The history was complex, but a recent ruling made it plain: Oregon’s Measure 37 does not apply in the Columbia Gorge’s National Scenic Area.
That was the word from the Oregon Court of Appeals last week. The ruling (read it here) came a relatively swift two months after the court heard arguments in the case. The court action was a test case specifically designed to answer the question: which has precedence, the scenic area or Oregon’s land-use development law?
(The Dalles Chronicle published a detailed but readable backgrounder about the court case.)
Defendants Paul D. Mansur and Stephen Struck — both Hood River property owners wishing to develop modest parcels in the Gorge — were represented by Oregonians In Action, the point organization for Measure 37. OIA argued in court that since Oregon had to participate in the creation of the Columbia Gorge Commission, the Commission is a state agency.
Actually, the court ruled, it’s a hybrid creature, a regional bi-state commission established under a Congressional act. Wrote the judges, “we agree with plaintiff that the interstate compact between Oregon and Washington that created the Commission has the force of federal law,” making the Scenic Area exempt from Measure 37
The Columbia Gorge still sees development, of course — houses are springing up all the time, but at a modest pace, given the land use hoops that the owners must jump through. It’s surely an aggravating process for property owners, but then it’s kept the Gorge from becoming an 80-mile-long suburb of Portland. The appellate court’s ruling may not be the final word on Measure 37 in the Gorge: OIA and company have 30 days to decide whether to appeal to the state’s Supreme Court.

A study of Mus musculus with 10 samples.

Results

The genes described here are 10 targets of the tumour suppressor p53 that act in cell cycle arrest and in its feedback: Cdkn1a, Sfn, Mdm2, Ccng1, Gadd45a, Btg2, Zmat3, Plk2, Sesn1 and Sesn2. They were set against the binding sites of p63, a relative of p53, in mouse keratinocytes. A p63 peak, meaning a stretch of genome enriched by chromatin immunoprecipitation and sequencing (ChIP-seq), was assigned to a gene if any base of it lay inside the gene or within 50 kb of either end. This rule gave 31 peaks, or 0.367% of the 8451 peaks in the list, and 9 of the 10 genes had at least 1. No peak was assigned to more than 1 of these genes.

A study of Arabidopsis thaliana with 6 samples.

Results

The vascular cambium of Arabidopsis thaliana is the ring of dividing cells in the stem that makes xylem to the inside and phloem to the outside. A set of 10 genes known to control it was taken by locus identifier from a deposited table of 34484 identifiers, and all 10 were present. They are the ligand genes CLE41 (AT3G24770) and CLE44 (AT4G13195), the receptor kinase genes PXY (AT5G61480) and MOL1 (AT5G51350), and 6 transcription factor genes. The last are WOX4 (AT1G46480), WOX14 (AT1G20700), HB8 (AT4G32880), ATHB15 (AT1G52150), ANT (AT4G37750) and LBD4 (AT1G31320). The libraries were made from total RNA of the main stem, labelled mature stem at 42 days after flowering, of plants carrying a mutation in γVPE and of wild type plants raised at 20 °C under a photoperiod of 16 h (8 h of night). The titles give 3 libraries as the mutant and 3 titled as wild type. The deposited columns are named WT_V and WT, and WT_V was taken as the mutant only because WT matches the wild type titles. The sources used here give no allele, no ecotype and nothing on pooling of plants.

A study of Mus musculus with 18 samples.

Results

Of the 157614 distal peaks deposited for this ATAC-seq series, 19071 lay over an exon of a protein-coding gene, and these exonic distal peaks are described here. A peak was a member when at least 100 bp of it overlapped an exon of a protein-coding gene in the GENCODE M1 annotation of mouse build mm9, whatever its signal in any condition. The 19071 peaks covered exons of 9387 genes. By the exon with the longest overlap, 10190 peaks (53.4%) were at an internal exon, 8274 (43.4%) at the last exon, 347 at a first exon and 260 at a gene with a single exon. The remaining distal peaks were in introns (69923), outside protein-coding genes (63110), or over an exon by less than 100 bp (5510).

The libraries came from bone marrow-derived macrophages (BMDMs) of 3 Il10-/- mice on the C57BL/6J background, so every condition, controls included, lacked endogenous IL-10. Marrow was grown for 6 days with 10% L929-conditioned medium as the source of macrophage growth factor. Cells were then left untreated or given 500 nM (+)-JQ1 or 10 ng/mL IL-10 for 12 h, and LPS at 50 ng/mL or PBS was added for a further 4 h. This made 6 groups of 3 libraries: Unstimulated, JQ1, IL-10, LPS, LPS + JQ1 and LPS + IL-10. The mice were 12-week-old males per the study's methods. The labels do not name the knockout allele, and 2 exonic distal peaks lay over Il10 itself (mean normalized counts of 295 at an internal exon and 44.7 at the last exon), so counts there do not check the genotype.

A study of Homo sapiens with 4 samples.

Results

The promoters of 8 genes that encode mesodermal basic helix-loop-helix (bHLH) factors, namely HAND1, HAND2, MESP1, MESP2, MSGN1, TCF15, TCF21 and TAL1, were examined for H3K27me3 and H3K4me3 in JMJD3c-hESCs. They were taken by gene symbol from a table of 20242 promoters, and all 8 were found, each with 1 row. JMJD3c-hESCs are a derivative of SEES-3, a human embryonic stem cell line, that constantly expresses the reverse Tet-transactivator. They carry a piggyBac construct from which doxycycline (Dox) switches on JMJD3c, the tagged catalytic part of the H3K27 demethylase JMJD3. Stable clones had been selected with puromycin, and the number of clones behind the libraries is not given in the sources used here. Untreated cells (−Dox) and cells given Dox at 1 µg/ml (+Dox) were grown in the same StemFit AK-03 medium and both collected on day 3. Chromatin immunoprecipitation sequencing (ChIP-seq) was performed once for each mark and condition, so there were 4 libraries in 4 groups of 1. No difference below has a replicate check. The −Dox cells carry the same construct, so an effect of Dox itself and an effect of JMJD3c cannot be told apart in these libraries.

While lawyers were hashing out the Gorge-vs-Measure 37 case, legislators were beginning to tackle the law head-on. Democrats, now solidly in control of the Oregon Legislature and the governor’s seat, say they’re considering a revision of Measure 37. They say they may address the greatest issue at hand: that Measure 37, considered a matter of fairness by a large (if dwindling) number of Oregonians, opens loopholes for potentially massive developments.
The law, in other words, preserves one property owner’s values and investment while destroying the neighbors’.
Gov. Ted Kulongoski is calling for a suspension of multiple-unit development claims under Measure 37. It sounds like legislators are starting to think that’s not a bad idea, either — at least those who don’t stand to personally profit from large Measure 37 claims.
Talk of revising the law to make it more about fairness for smaller property owners and less about mass development would seem to be a sign that we could achieve reasonable land-use compromise. As I’ve argued for many moons now, there’s a world of differencebetween letting someone build a retirement home on rural property, and turning over our best remaining land to condominium-builders.
Compromising thoughts, of course, raise ire in certain quarters. Feel the outrage here.